Heal Country - NAIDOC Week 2021


The NAIDOC 2021 theme – Heal Country! – calls for all of us to continue to seek greater protections for our lands, our waters, our sacred sites and our cultural heritage from exploitation, desecration, and destruction. For millenia our people have cared for, managed, used and protected our lands.

Country is important to me. I have so many happy memories of my connection and relationship with the land. Growing up the land was a mystery to be discovered, it was our food source of catching eels, rabbits, going mushrooming, of yabbying, and of worms on strings attached to twigs to catch freshwater crays.

Land was also our Elders tool for keeping us in line. My grandmother would often use the threat of the Dooligahs to make us behave saying the Dooligahs would come up after the shadows of the trees disappeared to make sure we were home before dark.

To me country has so many healing properties, it relates stories of our many peoples; of our lands; of our resilience and survival; it links us with healing ceremonies of smoking; with the animals of the land as our totems and moieties that we use in healing, of Bunjil and the possum skin cloak. Land links us with spirituality – through our stories of the dreaming.

I think that non-Aboriginal people are now more than ever embracing Aboriginal cultural knowledge and understanding of country. With the bushfires we have seen greater interest in understanding traditional cultural burning approaches. We now see greater understanding of the medicinal healing properties of our native plants. We now have international chefs using our plants and spices in restaurants all over Australia.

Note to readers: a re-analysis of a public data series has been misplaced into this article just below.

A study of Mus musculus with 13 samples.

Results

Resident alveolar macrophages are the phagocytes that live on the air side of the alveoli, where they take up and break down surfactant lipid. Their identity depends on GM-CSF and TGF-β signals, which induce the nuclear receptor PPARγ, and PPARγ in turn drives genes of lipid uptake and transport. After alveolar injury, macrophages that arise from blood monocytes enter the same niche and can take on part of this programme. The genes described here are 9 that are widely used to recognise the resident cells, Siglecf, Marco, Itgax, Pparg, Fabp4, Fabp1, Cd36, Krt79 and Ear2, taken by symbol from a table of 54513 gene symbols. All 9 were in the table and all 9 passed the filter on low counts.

We see our Aboriginal people educating non-Aboriginal people to protect country through land management activities, promoting revegetation, producing food and game, in conserving our ecosystems.

Today we are talking about Treaty and self-determination. Self-determination applies to the land. It’s about us having a say on our land and on matters to keep our country healthy. Where we create a platform for negotiating natural, cultural and local management priorities. Where our landscapes, plants and animals are protected for future generations.

Our land is important to our survival. I hope you all have a great NAIDOC and urge you to take the time to connect back to country.

- Muriel Bamblett, VACCA CEO

Aboriginal and Torres Strait Islander people should be aware that this website may contain images, voices or names of deceased persons in photographs, film, audio recordings or printed material. To listen to our Acknowledgement of Country, click here.